The Futility of Public Hearings

CascadeNewLogoBy John A. Charles, Jr.

Over the past four years, TriMet and Metro have been planning something called the SW Corridor Project. Metro describes it as a multi-modal project featuring new transit capacity, local street improvements, and enhancements to trails, sidewalks, and bike lanes. The project will begin at Portland State, travel along Barbur Boulevard, and terminate somewhere near Tualatin.

The exact nature of the transit element has never been disclosed; ostensibly, the choice is between light rail and bus-rapid transit. The Project Steering Committee insists that final decisions on the technology, route, terminus, and financial plan are still open for discussion, with some preliminary decisions scheduled for 2016.

Curiously, however, at the November 11 TriMet Board of Directors planning retreat, the Board was informed (at 3:17:05) by project staff that opening day for the project has already been set: September 12, 2025.

How is it that TriMet already knows the exact day that operations will commence, if it doesn’t even know any of the particulars – including a proposed, $250 million tunnel to PCC-Sylvania that would only be built if light rail is chosen?

Apparently, all decisions have actually been made, and future public hearings will be just as fake as the past ones.

All aboard for light rail to Bridgeport Village. Only 3,581 days till the opening ceremony!

John A. Charles, Jr. is President and CEO of Cascade Policy Institute, Oregon’s free market public policy research organization.

  • thevillageidiot

    we need more out of control trimet spending. Go Portland!! The solution I would propose would be Free Market in transportation. But that will never happen. Bolt seems to be successful. they are still running buses. So tax the public more.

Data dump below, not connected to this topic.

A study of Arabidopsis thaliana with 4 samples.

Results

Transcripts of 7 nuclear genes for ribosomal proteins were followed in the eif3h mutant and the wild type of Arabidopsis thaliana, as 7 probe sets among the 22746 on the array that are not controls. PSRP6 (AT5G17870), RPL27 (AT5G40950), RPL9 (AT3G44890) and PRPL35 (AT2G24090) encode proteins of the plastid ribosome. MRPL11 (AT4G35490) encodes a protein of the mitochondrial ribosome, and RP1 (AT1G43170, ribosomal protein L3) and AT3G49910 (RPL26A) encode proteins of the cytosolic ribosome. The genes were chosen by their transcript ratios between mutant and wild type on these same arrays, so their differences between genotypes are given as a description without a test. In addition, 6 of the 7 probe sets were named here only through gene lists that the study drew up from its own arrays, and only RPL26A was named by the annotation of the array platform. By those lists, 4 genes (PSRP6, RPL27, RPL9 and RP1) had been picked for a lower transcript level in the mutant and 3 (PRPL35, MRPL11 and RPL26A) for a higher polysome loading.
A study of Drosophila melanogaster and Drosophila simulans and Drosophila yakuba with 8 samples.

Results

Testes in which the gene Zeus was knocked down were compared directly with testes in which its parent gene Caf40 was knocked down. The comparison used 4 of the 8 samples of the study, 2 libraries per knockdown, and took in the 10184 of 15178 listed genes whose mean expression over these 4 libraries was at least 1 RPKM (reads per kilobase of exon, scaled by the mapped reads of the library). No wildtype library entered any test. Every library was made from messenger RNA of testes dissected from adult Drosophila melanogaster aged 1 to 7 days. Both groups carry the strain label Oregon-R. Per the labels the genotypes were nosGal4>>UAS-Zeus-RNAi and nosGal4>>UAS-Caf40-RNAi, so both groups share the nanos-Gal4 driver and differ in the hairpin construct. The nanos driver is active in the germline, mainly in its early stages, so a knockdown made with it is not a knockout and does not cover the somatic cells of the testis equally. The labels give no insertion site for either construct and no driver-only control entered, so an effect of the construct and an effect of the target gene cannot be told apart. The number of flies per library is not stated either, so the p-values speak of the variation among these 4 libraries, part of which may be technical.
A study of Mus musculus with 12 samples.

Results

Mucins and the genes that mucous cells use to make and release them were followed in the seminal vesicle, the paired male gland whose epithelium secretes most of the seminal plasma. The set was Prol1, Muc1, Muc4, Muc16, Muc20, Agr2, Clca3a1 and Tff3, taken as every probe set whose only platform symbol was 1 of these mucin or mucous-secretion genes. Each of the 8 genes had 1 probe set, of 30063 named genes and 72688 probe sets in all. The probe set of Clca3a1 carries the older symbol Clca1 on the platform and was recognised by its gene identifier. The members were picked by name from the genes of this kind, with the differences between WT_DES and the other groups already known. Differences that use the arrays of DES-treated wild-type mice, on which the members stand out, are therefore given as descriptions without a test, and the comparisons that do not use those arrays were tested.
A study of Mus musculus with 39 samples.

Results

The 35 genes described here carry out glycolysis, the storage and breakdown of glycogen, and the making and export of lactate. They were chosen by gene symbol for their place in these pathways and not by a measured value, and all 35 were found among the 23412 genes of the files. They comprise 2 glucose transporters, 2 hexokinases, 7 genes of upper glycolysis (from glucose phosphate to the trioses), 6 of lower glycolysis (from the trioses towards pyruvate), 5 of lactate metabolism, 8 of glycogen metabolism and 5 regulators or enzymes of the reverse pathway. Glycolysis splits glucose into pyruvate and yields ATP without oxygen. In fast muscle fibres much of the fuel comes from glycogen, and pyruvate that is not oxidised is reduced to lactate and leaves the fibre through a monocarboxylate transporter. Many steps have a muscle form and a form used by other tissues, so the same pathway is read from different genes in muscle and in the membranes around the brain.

• Guess Who

    Pay no attention to the little man behind the curtain, Dorothy the future is yours to wait and see what has been decided for your own good as all central government has forever.

  • David from Mill City

    From a project planning perspective, there are three ways to establish a time line, start with the day you want to or must have the project completed and work backward, work forward from the current day and the hybrid working from both ends to the middle. Two of those ways need a target completion date. Additionally there may be requirement tied to funding that requires the project be completed before a given date to be eligible for funding under that program. So establishing a date does not necessarily mean that anything has been decided behind the scenes, but also does not mean they haven’t.

    There is another use of public hearings that is often over looked, the sign-in sheets, speaker sign-ups and written submissions are public records. Got to the hearing, speak your piece, and take note of who agrees with you then after the hearing use those materials to organize a group to push your point of view. Also, most public hearings are held to meet some state, local or federal requirement, the announcement should contain references to those rules, regulations and laws. Look them up, read them, as they contain all the rules of the game. It may be their field but they still have to follow the rules.